Book reviews: The week with all the balance – two must-reads, two huge misses.

Rumor has it that The Morning News is releasing their Tournament of Books finalists this morning! I tried working my rooster tee into my work ensemble today, but since things are kinda shaky at ThePlaceThatShallNotBeDiscussed, I decided to go a safer route. Which is to say you can imagine both my excitement (PARRRTAY!!!) at the imminent prospect of having a shorter list of books to focus on, and saaaaadpanda that the list wasn’t out when I started drafting my post. Instead of geeking out, I’ll tell you about the books I read this week.

shrillShrill: Notes from a Loud Woman, by Lindy West (2016, Hachette, 272 pages, digital copy). I had been hearing good things about this book since long before it was published. Which is why I probably had such a hard time getting my hands on a copy. I jumped when I saw it come up as a deal of the day right around Christmas. (Merry Christmas to me! I got allll the digital books!) West has all the cultural criticism acumen of Roxane Gay and the creativity of Tina Fey, plus the whip smart advantage all my favorite people have of being able to call it like she sees it in such an undeniable way. For those who are seeking to empower their best selves, or maybe just looking for a little hope, a little cultural criticism right now, this is what you need to pick up. As in, I will be buying a full-price copy to loan out to everyone. THAT kind of No kidding, I mean it. 5 of 5 stars.

ihateinternetI Hate the Internet, by Jarett Kobek (2016, We Heard You Like Books, 288 pages, e-loan). I picked this up because it was on the TOB longlist. In many ways, it’s a novelization along the same lines of Shrill – speaking out against the needless hate and bigotry swamping our culture – but it focuses on the Internet as Vehicle Supreme, the inevitability that foiling it will fail, and, well, does it all in third person. I couldn’t find my footing. The entire thing felt hopeless. I have enough hopeless in Real Life right now, Kobek, I don’t need another heaping plateful. It felt gimmicky and cheap as opposed to a sardonic wake-up call that I think it was supposed to be. 1 of 5 stars.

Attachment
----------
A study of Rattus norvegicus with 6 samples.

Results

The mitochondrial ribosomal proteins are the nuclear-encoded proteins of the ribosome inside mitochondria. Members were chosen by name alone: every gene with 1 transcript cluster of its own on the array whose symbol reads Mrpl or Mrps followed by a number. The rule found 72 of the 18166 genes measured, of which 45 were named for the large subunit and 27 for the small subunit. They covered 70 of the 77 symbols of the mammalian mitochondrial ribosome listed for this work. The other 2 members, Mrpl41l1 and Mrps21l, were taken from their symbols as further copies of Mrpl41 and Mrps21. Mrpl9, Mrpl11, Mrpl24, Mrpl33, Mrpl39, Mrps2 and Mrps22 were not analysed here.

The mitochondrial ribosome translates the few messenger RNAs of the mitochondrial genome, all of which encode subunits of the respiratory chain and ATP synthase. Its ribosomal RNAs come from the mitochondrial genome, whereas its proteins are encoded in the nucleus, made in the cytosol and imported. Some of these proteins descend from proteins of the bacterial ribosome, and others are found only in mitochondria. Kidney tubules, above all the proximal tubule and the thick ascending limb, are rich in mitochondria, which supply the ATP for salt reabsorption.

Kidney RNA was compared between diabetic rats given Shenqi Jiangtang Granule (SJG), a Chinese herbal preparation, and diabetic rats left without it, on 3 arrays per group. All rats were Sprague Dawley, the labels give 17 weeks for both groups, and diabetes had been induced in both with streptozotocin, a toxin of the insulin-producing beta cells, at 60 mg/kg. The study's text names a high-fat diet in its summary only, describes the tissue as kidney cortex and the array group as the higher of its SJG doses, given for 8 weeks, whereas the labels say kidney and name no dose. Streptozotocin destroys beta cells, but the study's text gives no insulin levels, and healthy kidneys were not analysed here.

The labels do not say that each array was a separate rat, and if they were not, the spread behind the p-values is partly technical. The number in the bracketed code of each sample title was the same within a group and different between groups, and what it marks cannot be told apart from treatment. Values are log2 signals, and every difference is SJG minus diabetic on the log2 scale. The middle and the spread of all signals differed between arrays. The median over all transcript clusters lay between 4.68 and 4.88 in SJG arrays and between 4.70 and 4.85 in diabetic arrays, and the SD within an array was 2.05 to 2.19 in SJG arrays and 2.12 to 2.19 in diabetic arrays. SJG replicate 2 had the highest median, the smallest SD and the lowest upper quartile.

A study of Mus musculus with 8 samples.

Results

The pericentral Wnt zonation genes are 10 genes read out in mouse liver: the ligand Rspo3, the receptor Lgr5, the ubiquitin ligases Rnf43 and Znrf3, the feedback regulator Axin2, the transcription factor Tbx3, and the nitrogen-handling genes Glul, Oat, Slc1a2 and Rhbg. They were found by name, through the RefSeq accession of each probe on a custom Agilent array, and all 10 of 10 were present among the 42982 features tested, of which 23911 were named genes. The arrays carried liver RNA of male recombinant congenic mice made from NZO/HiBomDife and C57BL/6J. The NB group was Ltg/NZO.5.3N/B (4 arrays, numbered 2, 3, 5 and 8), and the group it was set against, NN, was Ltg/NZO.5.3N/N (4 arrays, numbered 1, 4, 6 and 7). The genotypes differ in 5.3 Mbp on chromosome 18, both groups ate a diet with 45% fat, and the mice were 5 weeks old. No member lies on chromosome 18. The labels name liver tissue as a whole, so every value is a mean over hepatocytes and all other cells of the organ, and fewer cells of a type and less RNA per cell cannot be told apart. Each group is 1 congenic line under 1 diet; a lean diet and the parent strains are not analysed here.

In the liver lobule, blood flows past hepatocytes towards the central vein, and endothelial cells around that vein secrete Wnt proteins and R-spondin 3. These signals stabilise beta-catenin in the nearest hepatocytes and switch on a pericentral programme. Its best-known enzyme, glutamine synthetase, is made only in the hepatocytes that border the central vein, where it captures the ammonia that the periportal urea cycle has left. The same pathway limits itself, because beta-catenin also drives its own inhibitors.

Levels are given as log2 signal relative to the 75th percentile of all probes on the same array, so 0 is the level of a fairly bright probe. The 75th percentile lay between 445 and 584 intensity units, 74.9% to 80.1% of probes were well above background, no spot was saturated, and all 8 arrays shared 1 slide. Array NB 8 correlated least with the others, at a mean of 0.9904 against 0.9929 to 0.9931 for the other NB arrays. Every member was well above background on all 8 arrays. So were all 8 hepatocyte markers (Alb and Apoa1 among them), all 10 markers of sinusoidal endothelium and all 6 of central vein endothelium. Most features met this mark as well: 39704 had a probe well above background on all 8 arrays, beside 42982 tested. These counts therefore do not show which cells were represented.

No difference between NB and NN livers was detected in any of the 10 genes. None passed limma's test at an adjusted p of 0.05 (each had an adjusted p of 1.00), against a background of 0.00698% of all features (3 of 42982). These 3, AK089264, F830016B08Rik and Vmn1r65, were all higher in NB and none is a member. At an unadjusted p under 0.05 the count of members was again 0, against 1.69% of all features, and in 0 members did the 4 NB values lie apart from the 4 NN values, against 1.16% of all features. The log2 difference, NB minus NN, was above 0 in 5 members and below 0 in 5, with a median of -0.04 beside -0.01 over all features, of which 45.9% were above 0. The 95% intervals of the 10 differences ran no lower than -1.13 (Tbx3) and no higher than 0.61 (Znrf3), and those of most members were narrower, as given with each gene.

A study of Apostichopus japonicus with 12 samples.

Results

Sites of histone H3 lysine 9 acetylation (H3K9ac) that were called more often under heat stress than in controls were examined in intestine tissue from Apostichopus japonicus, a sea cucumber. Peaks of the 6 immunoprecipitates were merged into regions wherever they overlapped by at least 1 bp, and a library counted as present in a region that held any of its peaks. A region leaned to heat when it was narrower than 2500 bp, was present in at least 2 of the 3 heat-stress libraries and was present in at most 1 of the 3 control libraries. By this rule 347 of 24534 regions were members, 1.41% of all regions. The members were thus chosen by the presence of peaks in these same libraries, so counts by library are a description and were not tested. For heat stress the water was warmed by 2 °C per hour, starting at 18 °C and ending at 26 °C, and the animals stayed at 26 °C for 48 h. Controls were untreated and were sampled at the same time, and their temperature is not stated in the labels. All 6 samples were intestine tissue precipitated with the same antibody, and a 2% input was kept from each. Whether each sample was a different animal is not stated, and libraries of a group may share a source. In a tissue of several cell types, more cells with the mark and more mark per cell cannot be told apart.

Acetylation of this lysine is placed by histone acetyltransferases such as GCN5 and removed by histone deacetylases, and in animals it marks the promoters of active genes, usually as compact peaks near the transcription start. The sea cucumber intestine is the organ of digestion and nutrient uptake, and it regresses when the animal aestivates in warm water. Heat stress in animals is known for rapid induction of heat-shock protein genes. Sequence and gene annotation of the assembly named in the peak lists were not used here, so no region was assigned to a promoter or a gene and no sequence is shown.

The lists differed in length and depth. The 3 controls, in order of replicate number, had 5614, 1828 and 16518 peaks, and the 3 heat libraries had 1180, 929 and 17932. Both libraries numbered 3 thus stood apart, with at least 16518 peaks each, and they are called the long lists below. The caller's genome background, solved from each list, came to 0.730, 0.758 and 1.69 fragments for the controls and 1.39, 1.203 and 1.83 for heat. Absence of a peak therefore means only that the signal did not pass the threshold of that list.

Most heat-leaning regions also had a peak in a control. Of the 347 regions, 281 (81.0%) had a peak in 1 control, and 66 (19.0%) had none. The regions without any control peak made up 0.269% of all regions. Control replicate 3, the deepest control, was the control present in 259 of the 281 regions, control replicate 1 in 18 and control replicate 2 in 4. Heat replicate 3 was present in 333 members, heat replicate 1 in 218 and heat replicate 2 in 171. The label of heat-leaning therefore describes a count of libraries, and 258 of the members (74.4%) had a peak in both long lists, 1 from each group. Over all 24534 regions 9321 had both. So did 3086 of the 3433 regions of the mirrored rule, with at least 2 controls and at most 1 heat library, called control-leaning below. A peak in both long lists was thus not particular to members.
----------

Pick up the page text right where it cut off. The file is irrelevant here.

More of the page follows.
abundanceThe Abundance: Narrative Essays, Old and New, by Annie Dillard (2016, Ecco, 304 pages, digital). This was another Deal of the Day grab, and I was so looking forward to it. Personal essays are some of my favorite indulgences; they can go in any direction and seem so much freer than any other writing – even fiction, at times. I’d read Pilgrim at Tinker Creek, and thought maybe I’d enjoy Dillard’s non-fiction more. So now I’m left hoping I like Dillard’s non-fiction about writing, specifically, because I still have one of those books on my TBR at home, and nothing else seems to be working for me. Her writing is sparse, and yes that’s a stylistic choice that can work…but not here, and not for me. When I read books about nature, I want to feel connected. It’s especially frustrating for me as a reader if I know the author was there, in that actual scene, and limited themselves to these few words. I feel everything and write so much of what first comes to mind; I have a hard time understanding why people won’t use 50 words instead of 10. Nature writing…that particularly seems to me like the point is immersion itself. How are we so understand the scene if what we get is “The hill was tall and bare.” So the subject matter was interesting, in a fashion, but Dillard’s writing style was rather frustrating for me. 1 of 5 stars.

uglywonderfulthingsAll the Ugly and Wonderful Things, by Bryn Greenwood (2016, Thomas Dunne Books, 346 pages, digital). YOU GUYS. THIS BOOK. So many feelings! It’s not going to be for everyone, I get that. (There’s a bit of a Lolita angle that could be read in places.) But for me it was one of those magical reads that I couldn’t suck down fast enough. Greenwood created characters so believable and real that I just couldn’t get enough. It read for me as less Lolita and more of a Bone Gap setting, meets Constellation of Vital Phenomena heartbreak and spectacular, detailed characterization, and the survivory feeling of Homecoming. All some of my favorite books, so you can see how this just blew my socks off. My one hang-up was the way the Wavy-and-Kellen drama stalled a bit three-quarters of the way in. There was a lot of the same-old going on, and I needed either a bit to be excised, or some movement added. Kind of like how The Office was at its best when it was a comedy that used all of its talent for a variety of sketches, before it turned into the Jim-and-Pam show, I liked the story so much better when it showed the resourcefulness of Wavy as she faced all of her challenges, before it settled into the Wavy-and-Kellen show. Not that that kept me from reading as fast as I could, delighting in the sense of foreboding that never once left. 5 of 5 stars.

Okay, have I stalled long enough? Will the TOB brackets be posted…? And whose job is it to keep me sane until they do? HALP!